Print Collateral: Is it worth the $$$?

We live in a highly digital world: checking email by the minute, surfing the internet daily, visiting websites and perusing social media hourly. Which, in my humble opinion, makes print marketing all the more valuable and impactful. Not to say that digital marketing is not equally important. A website, e-mail campaigns, and social media profiles are imperative to creating a powerful online presence that will communicate with your target audience and help your business thrive. However, sometimes print materials are the better way to reach that audience.

A beautifully-done brochure — printed in full color, on heavyweight cover stock, with a velvet-touch finish — can make a really great impression on your clients. And sometimes, when put in the right hands, it can even close a deal. This is all about the psychology of marketing. Tactile and visual impressions really do make a difference when it comes to decision making. Yes, there are other factors: but don’t forget that this is one of them.

Some things to ask when considering the time and expense of print materials:

  • Is the quality of the materials worth the projected cost?
    When it comes to printing materials that will make an impression, this is not a good place to scrimp. There are certainly ways that print can be made less expensive, but remember: you’re trying to impress, not distribute a piece that will go directly to the trashcan.
  • How will the print materials reach and impact your target audience (hand delivery/leave-behind vs. mail)? And are the additional costs associated with delivery to your audience worth the short-term expense?
    At the end of the day, it may actually be more worthwhile to go digital. And that’s OK — the point is you must evaluate your target audience and determine the best way to reach them. Sometimes, a print piece hits the nail on the head. And sometimes, it really isn’t worth the expense. Before you rush out to run off a million copies of a flyer, consider whether it would be better distribute as an email campaign. Or, before you shoot out a templated invite to your company’s anniversary showcase event, consider a more custom, printed invite that will encourage investor and client attendance.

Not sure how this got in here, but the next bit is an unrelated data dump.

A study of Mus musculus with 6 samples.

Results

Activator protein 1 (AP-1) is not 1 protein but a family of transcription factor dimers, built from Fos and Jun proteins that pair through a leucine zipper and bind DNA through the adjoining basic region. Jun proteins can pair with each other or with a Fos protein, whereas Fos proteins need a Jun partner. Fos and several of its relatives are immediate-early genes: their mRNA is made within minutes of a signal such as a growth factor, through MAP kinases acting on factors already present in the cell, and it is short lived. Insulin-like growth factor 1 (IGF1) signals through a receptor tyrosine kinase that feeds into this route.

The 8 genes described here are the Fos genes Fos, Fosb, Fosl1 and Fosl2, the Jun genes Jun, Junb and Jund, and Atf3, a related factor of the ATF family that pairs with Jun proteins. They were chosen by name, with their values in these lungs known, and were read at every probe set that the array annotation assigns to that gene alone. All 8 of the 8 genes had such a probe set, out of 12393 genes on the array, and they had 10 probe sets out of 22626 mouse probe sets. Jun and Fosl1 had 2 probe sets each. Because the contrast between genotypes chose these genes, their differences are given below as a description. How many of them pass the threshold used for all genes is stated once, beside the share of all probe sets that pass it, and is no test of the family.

• Does the print item a long-term or short-term impact (e.g. event invitation vs. company brochure)?
    If this is a piece that your company might be using 2-3 years from now, it is definitely worth an investment. You want a design and print quality that will stand the test of time. And yes, depending on the message and branding, a print piece can certainly last that long. If the shelf life of the piece is more like 1 week (e.g. a flyer for a trade show), print may still be the way to go, but a designer can take into considerations various ways that the piece might be more affordable to print, including size, color, paper types, etc.

Some like to say that “print is dead”. As long as I’m working as a designer, I will disagree. Print and digital are equally useful tools in marketing. In fact, I’d go so far as to say that digital media has made print even more “alive” by comparison. One plays off the other — each has their advantages and disadvantages. So, before you dismiss the idea of updating your company brochure or printing 1,500+ copies of an annual report, consider your audience and the potential impact of a well-crafted print piece. It may make all the difference.